Mediterranean Diet

Discover Mediterranean diet information

In some cases, the food that a culture has come to know and love is a big obstacle to a healthy lifestyle. For instance, the meat-heavy menu of many North Americans is supplemented by a good helping of salt and refined grains that send blood sugar soaring. It can be difficult to break out of poor eating habits, especially if you don't know where to begin; so why not take a cue from other cultures that have struck a good balance between flavor and nutrition?

The Mediterranean diet is one of the best choices for heart health, weight loss and overall well being, and most importantly, it's a sustainable diet that is meant for lifelong health. Gather some Mediterranean diet information to decide if this is the meal plan that you have been looking for, and get started on your path to better health.


The Mediterranean diet is one of the most appealing heart diet options, since it boosts your health without sacrificing taste or satisfaction. Not surprisingly, it rests on the cooking style and ingredients of countries that border the Mediterranean Sea—colorful vegetables, fruit, whole grains, seeds, legumes and olive oil make up the majority of the menu. While many diets are structured around heart-healthy, low-fat foods, the Mediterranean diet may have a leg up on the others due to its particular combination of ingredients.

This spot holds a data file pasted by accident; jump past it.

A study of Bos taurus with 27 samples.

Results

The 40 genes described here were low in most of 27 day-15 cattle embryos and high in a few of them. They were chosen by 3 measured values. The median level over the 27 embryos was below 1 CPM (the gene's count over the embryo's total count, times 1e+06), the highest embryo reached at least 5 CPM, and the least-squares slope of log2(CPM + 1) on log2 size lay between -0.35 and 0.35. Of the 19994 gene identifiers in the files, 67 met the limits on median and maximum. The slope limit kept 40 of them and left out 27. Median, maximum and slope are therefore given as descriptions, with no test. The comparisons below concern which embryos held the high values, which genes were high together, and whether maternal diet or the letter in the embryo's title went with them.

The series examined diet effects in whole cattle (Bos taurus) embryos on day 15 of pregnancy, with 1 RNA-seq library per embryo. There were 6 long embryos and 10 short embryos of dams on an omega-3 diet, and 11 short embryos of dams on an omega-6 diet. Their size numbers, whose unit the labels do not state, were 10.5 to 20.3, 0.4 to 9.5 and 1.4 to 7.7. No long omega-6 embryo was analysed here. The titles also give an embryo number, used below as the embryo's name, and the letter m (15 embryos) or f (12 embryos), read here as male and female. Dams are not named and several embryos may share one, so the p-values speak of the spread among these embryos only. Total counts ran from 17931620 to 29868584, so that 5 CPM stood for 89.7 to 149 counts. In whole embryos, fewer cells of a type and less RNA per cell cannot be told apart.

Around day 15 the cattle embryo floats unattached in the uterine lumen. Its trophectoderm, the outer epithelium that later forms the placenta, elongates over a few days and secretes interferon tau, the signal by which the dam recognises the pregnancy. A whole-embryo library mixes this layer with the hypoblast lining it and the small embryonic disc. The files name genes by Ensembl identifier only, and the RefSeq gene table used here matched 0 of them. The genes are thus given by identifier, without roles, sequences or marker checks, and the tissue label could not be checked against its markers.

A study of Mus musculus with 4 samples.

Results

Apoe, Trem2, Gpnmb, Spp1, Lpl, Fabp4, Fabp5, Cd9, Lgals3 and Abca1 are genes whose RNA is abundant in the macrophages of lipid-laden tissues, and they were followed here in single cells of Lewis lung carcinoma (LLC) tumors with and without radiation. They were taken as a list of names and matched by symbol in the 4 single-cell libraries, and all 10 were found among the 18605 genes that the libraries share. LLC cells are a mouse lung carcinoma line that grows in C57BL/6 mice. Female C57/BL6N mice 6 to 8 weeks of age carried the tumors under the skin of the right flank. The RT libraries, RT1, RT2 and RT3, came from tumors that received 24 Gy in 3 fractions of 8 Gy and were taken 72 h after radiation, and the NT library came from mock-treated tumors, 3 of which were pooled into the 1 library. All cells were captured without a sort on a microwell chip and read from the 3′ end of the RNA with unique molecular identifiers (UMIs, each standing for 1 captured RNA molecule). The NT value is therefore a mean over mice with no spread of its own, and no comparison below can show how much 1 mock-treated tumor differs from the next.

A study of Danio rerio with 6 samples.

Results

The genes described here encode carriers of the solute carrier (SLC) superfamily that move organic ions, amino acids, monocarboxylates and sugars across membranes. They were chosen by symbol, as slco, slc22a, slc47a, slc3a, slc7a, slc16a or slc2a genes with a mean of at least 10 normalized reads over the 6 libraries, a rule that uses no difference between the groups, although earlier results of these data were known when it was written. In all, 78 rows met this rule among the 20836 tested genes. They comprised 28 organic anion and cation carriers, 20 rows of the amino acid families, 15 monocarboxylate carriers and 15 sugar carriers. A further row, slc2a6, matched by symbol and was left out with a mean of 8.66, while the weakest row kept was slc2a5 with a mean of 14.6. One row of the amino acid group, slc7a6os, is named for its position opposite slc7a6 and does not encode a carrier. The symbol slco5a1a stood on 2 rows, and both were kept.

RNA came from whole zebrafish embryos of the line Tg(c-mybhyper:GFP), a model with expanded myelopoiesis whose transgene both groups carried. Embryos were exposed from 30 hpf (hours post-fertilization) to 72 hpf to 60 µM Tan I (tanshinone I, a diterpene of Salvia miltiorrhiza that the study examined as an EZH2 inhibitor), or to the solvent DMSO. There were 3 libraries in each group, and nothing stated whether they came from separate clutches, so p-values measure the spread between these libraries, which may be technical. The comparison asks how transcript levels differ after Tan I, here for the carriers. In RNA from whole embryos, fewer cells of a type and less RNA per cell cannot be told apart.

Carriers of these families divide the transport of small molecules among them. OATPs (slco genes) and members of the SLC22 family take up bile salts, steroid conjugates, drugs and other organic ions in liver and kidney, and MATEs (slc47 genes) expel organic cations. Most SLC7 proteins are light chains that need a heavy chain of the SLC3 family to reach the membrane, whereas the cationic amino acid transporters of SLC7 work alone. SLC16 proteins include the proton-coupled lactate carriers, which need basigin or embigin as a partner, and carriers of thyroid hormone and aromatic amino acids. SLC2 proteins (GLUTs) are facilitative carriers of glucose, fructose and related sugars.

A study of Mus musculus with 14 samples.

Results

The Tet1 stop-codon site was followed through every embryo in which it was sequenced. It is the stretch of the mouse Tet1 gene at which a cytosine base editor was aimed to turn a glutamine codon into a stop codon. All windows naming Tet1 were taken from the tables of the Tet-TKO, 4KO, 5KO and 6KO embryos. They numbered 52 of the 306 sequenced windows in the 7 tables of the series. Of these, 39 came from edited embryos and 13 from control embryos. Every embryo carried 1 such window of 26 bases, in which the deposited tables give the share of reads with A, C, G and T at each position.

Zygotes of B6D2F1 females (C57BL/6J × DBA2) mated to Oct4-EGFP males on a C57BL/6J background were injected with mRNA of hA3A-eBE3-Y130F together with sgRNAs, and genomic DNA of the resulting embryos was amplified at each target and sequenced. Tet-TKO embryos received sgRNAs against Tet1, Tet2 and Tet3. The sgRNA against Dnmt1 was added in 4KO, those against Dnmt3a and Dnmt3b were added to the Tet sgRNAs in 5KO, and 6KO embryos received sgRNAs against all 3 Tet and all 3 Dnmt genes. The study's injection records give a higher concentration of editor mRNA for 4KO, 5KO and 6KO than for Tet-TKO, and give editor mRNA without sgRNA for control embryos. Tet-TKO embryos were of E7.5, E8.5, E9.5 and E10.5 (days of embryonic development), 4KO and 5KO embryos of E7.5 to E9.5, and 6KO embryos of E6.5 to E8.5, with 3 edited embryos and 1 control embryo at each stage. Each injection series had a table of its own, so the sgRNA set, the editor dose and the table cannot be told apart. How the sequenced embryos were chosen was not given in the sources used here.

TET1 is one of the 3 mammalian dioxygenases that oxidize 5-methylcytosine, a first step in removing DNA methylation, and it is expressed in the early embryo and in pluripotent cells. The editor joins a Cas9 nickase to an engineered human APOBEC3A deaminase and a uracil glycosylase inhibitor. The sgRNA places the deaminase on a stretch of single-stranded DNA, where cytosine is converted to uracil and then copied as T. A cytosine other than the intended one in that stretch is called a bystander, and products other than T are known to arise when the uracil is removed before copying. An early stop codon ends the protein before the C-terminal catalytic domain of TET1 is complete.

Like other diets, red meat is eaten only on occasion and in small amounts. Much of the daily protein comes in the form of nuts, beans and seeds, along with regular servings of seafood. Research has shown that adults who follow a Mediterranean diet reduce their risk of cardiovascular disease, cancer, Parkinson's and Alzheimer's diseases.

What You'll Find on the Mediterranean Diet Food List

A Mediterranean diet sample menu is based on a mixture of plant-based foods like vegetables, grains, beans, nuts and olive oil, some or all of which are eaten at every meal. Saturated fat is virtually absent from the diet, as butter is replaced with olive or canola oil and red meat is enjoyed only a few times a month. Fish is consumed at least a couple of times each week, which introduces unsaturated fats to help raise good cholesterol levels. Indeed, this diet is a great step toward a low cholesterol lifestyle.

Another important aspect of the diet is reducing sodium intake, so herbs and spices are used to flavor dishes instead of salt. In fact, flavor is at the center of this diet: instead of eliminating flavorful fat, you simply choose healthy sources like fatty fish and vegetable oils, and a small glass of red wine with your meal at once adds to the satisfying flavor and decreases your risk of heart disease. Once you learn to distinguish good sources of fat and calories from bad sources, you can compose your own delicious, free Mediterranean diet plan that you'll be able to stick with for life.